The U.S. Supreme Court on Wednesday will hear arguments over whether a company can continue to produce a dog toy shaped and decorated like a Jack Daniel’s whiskey bottle, or whether the squeaky plaything is infringing on the company’s trademark.
Jack Daniel’s is asking the court to stop VIP products from producing the toy with the name “Bad Spaniels,” saying its parody of the label goes too far.
The toy is part of a line of dog toys called Silly Squeakers that imitates famous alcohol and soda brands. One toy, called “Cataroma Extra,” looks like a bottle of Corona beer. Another, named “Mountain Drool,” resembles a Mountain Dew soft drink bottle.
The toy bottle that the country’s highest court will consider Wednesday reads “BAD SPANIELS” instead of “JACK DANIEL’S,” “The Old No. 2″ instead of “Old No. 7 Brand,” and “On your Tennessee CARPET” instead of “Tennessee sour mash WHISKEY.”
Lawyers for Jack Daniel’s will argue to the Supreme Court that a dog toy company violated federal trademark law when it parodied the distiller’s bottle to sell a “Bad Spaniels Silly Squeaker” toy replete with poop-themed jokes https://t.co/xtmJGCSykL— CNN (@CNN) March 21, 2023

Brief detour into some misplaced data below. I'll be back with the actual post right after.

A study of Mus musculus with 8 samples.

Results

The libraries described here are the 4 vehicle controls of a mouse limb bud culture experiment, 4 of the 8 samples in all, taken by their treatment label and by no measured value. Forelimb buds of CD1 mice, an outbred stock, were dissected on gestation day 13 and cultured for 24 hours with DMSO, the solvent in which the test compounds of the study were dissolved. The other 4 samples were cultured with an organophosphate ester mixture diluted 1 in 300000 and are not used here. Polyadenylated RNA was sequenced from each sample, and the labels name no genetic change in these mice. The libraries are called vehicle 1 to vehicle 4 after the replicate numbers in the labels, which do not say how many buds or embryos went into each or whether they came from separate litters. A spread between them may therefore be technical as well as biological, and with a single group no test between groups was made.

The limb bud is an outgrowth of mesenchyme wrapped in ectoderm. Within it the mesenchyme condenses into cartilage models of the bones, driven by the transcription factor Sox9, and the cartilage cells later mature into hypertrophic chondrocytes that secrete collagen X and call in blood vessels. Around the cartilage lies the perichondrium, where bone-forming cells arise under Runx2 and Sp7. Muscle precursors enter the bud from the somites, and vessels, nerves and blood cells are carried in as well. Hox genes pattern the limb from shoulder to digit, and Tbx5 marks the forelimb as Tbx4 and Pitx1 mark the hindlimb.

Instead of promising 40% alcohol by volume, it promises “43% poo by volume, 100% smelly.”
According to NPR, VIP’s owner, Stephen Sacra, says he got the idea for the Bad Spaniels parody when he was out for dinner and caught sight of the iconic Jack Daniel’s bottle. He said he called his graphics designer on the spot and told him, “I got two words for you: Bad Spaniels.”
The case has been in the court system for several years. A district court found VIP’s use of the Jack Daniel’s trademark was likely to confuse consumers and ruled in favor of Jack Daniel’s. On appeal, the Ninth Circuit Court of Appeals ruled in favor of VIP in 2020.
“To be sure, everyone likes a good joke,” lawyers for Jack Daniel’s wrote in court papers. “But VIP’s profit-motivated ‘joke’ confuses consumers by taking advantage of Jack Daniel’s hard-earned goodwill.”
The Supreme Court will have to decide when the “humorous use” of a brand’s logo in a commercial product violates federal trademark law or deserves protection under the First Amendment.